Friday, July 22, 2011

So How Hot Is It?

I don't know about you but it was pretty hot day. I guess the Siberian fans of the blog can't really relate but I'm pretty sure most of the US is currently in the midst of a stifling summer heatwave. From all the comments I read about the high temperatures on the old Facebook wall, it's almost as if we were all suddenly in that episode of the "Twilight Zone" where the earth kept moving closer to the sun and all of society started agonizingly melting apart from the hopelessly extreme heat.

It was indeed a scorcher, probably the hottest day in recent memory. Walking across the scorching black pavement of the parking lot from my car to the office, I felt like a sizzling pat of butter on a large hot skillet. The few times I went out during the day the heat felt like hot sand being thrown in my face. And when I left for the evening it was just as relentless and suffocating as the morning. It was hot.

However as I was driving home, in my comfortably cool air conditioned car I wondered to myself: was it really that hot? I mean between leaving my air conditioned home to commute in my air conditioned car to my air conditioned office and back again, I experienced maybe a grand total of five minutes tops of exposure to uncomfortable temperatures. If anything the prevailing sensation of the day for my was probably chilliness from the over compensating central air in the office. All these record breaking triple digit temperatures and heat indexes might as well have been abstract concepts to me; it could just as well been 150 degrees outside. Thanks to the comforts of modern climate control technology I really had nothing much to complain about, and I suspect more than of few of these people out there complaining were in the same boat.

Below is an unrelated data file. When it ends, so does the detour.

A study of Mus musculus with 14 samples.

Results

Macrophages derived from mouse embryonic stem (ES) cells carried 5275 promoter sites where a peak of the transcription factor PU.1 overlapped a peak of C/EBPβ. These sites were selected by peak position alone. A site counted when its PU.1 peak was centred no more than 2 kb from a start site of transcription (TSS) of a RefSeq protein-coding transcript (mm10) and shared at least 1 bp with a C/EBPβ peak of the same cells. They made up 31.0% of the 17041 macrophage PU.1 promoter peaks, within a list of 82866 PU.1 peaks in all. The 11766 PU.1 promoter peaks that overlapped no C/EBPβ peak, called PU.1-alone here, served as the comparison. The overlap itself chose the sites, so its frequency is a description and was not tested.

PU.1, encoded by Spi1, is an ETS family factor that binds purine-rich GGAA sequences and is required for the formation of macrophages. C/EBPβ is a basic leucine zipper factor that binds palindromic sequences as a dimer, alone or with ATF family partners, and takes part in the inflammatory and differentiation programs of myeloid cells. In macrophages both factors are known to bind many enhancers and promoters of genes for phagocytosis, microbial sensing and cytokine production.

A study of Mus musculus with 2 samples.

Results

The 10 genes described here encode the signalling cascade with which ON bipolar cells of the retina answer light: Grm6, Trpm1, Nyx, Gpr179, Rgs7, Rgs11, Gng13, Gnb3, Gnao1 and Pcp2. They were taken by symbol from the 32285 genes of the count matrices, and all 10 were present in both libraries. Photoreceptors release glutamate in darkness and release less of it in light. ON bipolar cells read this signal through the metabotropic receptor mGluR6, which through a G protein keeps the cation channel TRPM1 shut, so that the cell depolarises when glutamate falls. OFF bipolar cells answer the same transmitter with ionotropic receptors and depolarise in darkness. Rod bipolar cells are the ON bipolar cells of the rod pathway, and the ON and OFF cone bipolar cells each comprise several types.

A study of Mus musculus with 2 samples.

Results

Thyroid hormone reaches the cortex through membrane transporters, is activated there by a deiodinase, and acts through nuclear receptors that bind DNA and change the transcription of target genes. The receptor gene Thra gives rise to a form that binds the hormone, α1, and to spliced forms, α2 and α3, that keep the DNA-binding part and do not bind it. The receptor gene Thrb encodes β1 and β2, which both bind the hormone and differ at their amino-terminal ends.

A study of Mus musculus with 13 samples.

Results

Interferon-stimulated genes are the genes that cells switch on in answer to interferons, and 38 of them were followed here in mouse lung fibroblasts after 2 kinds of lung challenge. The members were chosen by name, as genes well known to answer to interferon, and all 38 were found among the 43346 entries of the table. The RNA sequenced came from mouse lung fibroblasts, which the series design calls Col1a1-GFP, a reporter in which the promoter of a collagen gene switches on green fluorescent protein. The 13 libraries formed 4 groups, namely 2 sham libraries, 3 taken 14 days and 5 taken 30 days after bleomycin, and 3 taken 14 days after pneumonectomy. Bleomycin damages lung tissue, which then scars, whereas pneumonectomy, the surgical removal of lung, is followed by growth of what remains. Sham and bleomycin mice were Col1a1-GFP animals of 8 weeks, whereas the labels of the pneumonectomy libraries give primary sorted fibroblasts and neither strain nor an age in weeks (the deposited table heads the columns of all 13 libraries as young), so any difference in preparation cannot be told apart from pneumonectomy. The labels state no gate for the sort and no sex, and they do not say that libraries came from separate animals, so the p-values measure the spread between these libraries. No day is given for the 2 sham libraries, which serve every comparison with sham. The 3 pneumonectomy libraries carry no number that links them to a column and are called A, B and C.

What's the point of making a big fuss about the weather if it hardly affects you at all? Especially the temperature, which in modern times has been reduced to one of the least relevant parts of the weather. Sure a blizzard could ruin your commute, a shower can cancel a ballgame, a hurricane and obliterate everything dear to you, but what's the temperature really going to do to you if you have basic shelter? Obviously people do freeze to death and die of heatstroke and the homeless are particularly vulnerable in such extreme scenarios. However for those folks who have a heated place to be in the winter and a cool place to be the in the summer and spend most of their time in them, what's their right to complain?

I think there should be a specific time requirements for people to complain about the temperature. One should be personally affected by elements for at least 1 hour before they can make a critique. I spent the great majority of the day in a generally comfortable climate, I have nothing to complain about (I guess except to complain about people who complain about things). The Victor from most of three years of law school who lived in apartments and drove a miserable car without air had every right to sweat and vent during the summer months. The Victor who spent a sweltering June backpacking in Costa Rica and Panama without experiencing a single kiss of reconditioned air could say a few things. But the Victor from today, who consciously wore a long sleeve shirt because he knew he'd be cold in the office has no standing.

So really, hysterical suffering nation of overheated victims; if you spent most of the day just looking a number that said it was 100 degrees outside, you didn't actually suffer and your point will not be noted. Relax, before you know it you'll be complaining about how bitter cold it is and how much you're looking forward to summer soon enough.